Video/Computer Game History Books


Post by Tabe » Wed Oct 31, 2018 7:45 pm

Just finished "Grand Thieves and Tomb Raiders". Very good book with lots of great stories on the humble beginnings of so many famous developers and games. Does have some laughably terrible or incorrect moments though - the author claims that "Earthworm Jim" was the first game to get licensed products arising from the game. I guess in the world of the author, Pac-Man never existed. Later, the author tries really hard to put Earthworm Jim on the same level as Mario and Sonic as mascots. Sorry but no. Just no. Still, overall, a very good book.

And, if anybody in the US wants my copy, it's yours if you pay shipping to get it.


Post by The Laird » Thu Nov 01, 2018 10:22 am

Tabe wrote:
Wed Oct 31, 2018 7:45 pm
Just finished "Grand Thieves and Tomb Raiders". Very good book with lots of great stories on the humble beginnings of so many famous developers and games. Does have some laughably terrible or incorrect moments though - the author claims that "Earthworm Jim" was the first game to get licensed products arising from the game. I guess in the world of the author, Pac-Man never existed. Later, the author tries really hard to put Earthworm Jim on the same level as Mario and Sonic as mascots. Sorry but no. Just no. Still, overall, a very good book.

And, if anybody in the US wants my copy, it's yours if you pay shipping to get it.
I was at a gaming event where he was doing a guest talk and after one of the most vague fact-less talks you'll ever hear he did a Q&A where he couldn't seem to answer a single question properly! When it ended he actually seemed quite embarrassed and made a pretty hasty exit.

I am even more intrigued to read the book now!


Post by Tabe » Thu Nov 01, 2018 1:47 pm

The Laird wrote:
Thu Nov 01, 2018 10:22 am
Tabe wrote:
Wed Oct 31, 2018 7:45 pm
Just finished "Grand Thieves and Tomb Raiders". Very good book with lots of great stories on the humble beginnings of so many famous developers and games. Does have some laughably terrible or incorrect moments though - the author claims that "Earthworm Jim" was the first game to get licensed products arising from the game. I guess in the world of the author, Pac-Man never existed. Later, the author tries really hard to put Earthworm Jim on the same level as Mario and Sonic as mascots. Sorry but no. Just no. Still, overall, a very good book.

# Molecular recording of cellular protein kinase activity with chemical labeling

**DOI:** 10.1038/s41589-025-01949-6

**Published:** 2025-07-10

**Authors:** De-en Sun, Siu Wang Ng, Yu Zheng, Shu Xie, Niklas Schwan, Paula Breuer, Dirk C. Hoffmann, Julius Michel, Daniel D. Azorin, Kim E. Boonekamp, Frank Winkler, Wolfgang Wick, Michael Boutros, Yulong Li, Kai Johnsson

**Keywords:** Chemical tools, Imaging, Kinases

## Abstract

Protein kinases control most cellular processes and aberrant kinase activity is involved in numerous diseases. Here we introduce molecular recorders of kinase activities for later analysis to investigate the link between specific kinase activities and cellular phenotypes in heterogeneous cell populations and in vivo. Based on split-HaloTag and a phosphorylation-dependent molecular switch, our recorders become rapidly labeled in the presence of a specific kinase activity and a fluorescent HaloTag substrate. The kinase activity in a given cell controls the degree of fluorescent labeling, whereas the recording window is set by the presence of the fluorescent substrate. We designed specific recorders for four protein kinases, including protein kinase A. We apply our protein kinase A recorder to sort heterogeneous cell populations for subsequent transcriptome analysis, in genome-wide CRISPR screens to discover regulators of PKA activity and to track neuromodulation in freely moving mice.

And, if anybody in the US wants my copy, it's yours if you pay shipping to get it.
I was at a gaming event where he was doing a guest talk and after one of the most vague fact-less talks you'll ever hear he did a Q&A where he couldn't seem to answer a single question properly! When it ended he actually seemed quite embarrassed and made a pretty hasty exit.

I am even more intrigued to read the book now!
Interesting. I certainly would not have gotten the impression from the book that the author didn't know their stuff. My feeling from the book is that the author went all-in on the "how Britain conquered the world" angle and just ignored anything that went against that. I mean, obviously, British game developers have had massive influence but not *EVERYTHING* was done first by a British developer. No, Earthworm Jim did not invent licensed products. Yes, one or two groundbreaking games have been developed in the US or Japan by developers not transplanted from England :)

I do recommend the book!

kiwimike

Post by kiwimike » Sat Nov 30, 2019 1:48 pm

Bumped this topic, as had some good ones recently. Along with RG #200 which is like a Bookazine in itself and excellent.

Fusion have been producing some real quality productions, along with Fusion magazine, the Fusion and ZZap recent annuals are just superb and up with their usually high standard.

I have in recent times taken to Audio books, I just find them a great way to do other activities, like painting/art while taking in a book. Not game history but I do love ready player one, and Will Wheaton does a great job on that audio book. Steven L Kents Ultimate history is a bit US-centric for many but I love that book for it's novel style over dry encyclopaedia format so have just found that. Future ones will be Masters of Doom, Console Wars- all the ones that are written in the story format which make for a good listen!